Colin Anderson writes... Although industrious as record-producer, author, editor and reviewer, Robert Matthew-Walker, born London in 1939, has been just as solicitous as a composer. His ongoing catalogue currently stands at 150-plus opus numbers and of late he has been responding to several commissions.
This Guild release, however generous on its own terms, can only be considered as a taster of a considerable output, including several Symphonies. It’s a pleasure to return to Violin Sonata No.2 (2015), which I reviewed the premiere of and, indeed, here is that performance. If I may repeat myself: “This is music full of Eastern Promise, rigorous yet rhapsodic with many rhythmic sleights of hand, lyrically generous, too, and folksy.” I enjoyed it even more second time around; music of craft and communication given an admirable performance.
Sonata Solemnis (completed on New Year’s Day 1980), dedicated to Alun Hoddinott, is scored for six percussionists. It has three movements and although it makes some intriguing sounds – crash-bang, yes, but also many colours and subtleties – I did wonder if it is too similar across the sixteen-minute whole, for all that Matthew-Walker uses tuned (and therefore melodic) percussion and the last movement, an Adagio, is rather magical in its twilight ritualism.
The expansive String Quartet No.1 is from a year earlier. It is dedicated to Edmund Rubbra. It’s a ‘traditional’ four-movement piece, with the Scherzo second (marked Presto e feroce) followed by the slow movement. Matthew-Walker, who has written the booklet note, advises that this score emanates from being written on train journeys – composer as commuter – and all he needed was a manuscript pad and a pen, and of course a fertile imagination. The String Quartet is a very fine piece, the going-places first movement reminding of early Michael Tippett, which I hope Matthew-Walker will take as a compliment, followed by the ‘ferocious’ second, the music propulsive, bit into and strongly rhythmic. Following which is a serene Adagio, again quite Tippettian – expansive, expressive and Elysian – and the Quartet is concluded with an anguished Largo leading to a resolute Allegro, returning disquiet and a coda that appears angry.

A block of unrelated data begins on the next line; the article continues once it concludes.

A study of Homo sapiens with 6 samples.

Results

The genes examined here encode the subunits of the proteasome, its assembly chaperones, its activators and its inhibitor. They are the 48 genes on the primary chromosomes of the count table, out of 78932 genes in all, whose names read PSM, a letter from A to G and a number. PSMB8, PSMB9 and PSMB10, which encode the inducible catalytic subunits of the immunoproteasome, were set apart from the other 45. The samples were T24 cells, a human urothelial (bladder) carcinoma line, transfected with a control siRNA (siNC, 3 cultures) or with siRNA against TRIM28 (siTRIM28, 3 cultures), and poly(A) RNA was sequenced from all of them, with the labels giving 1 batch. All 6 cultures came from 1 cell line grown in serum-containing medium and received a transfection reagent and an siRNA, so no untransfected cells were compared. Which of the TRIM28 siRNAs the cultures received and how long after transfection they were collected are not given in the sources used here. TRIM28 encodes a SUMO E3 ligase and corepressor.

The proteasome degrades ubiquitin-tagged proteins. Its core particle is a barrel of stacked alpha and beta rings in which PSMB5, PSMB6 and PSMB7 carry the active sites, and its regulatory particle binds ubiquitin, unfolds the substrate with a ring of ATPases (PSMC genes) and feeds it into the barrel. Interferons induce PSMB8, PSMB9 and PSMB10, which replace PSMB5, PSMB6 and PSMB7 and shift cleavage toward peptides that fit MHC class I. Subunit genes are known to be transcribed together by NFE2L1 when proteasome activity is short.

Matthew-Walker is also an organist, and his Sonata Magna (1983) is a terrific piece, teeming with suspense and invention, and easily sustaining twenty-two minutes. It sounds great on the Cologne Cathedral organ, which is capable of huge sounds contrasted with the most refined and delicate, the latter coming across here as having sci-fi connections (the composer writes about black holes), and not forgetting a couple of well-known plainchants that seep into music that is at once about sound as music and the discharges of energy. The recording deals well with the torrents of sounds easily, preserving a masterly account by the late Jeremy Wallbank, and although one appreciates the individually of Sonata Magna, I suggest that fans of Messiaen’s organ music will find much to intrigue them.
To close, and extracted from the Music to Hear cycle, are two settings of Shakespeare, Matthew-Walker the pianist accompanies Yvonne Fuller in contrasted pieces, a very melodious ‘Full fathom five’ and a scintillating ‘Tell me where is fancy bred’, the composer very nimble on a piano that seems recorded in a different venue, and if the sound is variable throughout the disc (that from Wigmore Hall being the best, closely followed by Cologne) then this should not affect an enthusiastic recommendation for music that is at once time-honoured and personal.
Edward Clark writes... This Guild release offers an insight into Robert Matthew-Walker’s wide-ranging compositional abilities. Here we can listen, with much pleasure, to a fertile musical imagination.
I am delighted to hear again Violin Sonata No.2. This confirms my thoughts as to it being an attractive addition to the repertoire and is played with great style and panache. Sinfonia Solemnis is a terrific tour de force, compelling in its effects and spellbinding in its invention. It is helped by a great performance.
No matter how Matthew-Walker approaches writing music, melody is never far from his muse. String Quartet No.1 (1979) would have sounded old-fashioned in that era for quest and investigation of new musical impulses. Today we can enjoy the unending flow of tunefulness and intriguing counterpoint that underpin an attractive creation. The McCapra String Quartet plays with obvious feeling but the sound-quality is a bit homespun.
The listener’s attention is grabbed from the very beginning of Sonata Magna. The composer’s booklet note needs to be read to grasp what lies behind the extraordinary sounds that emanate from the organ. It is played with great authority by Jeremy Wallbank. This stimulating issue is rounded off with songs from Music to Hear, both settings of Shakespeare, sung with lovely tone by Yvonne Fuller with the composer giving full vent to the extraordinary accompaniment.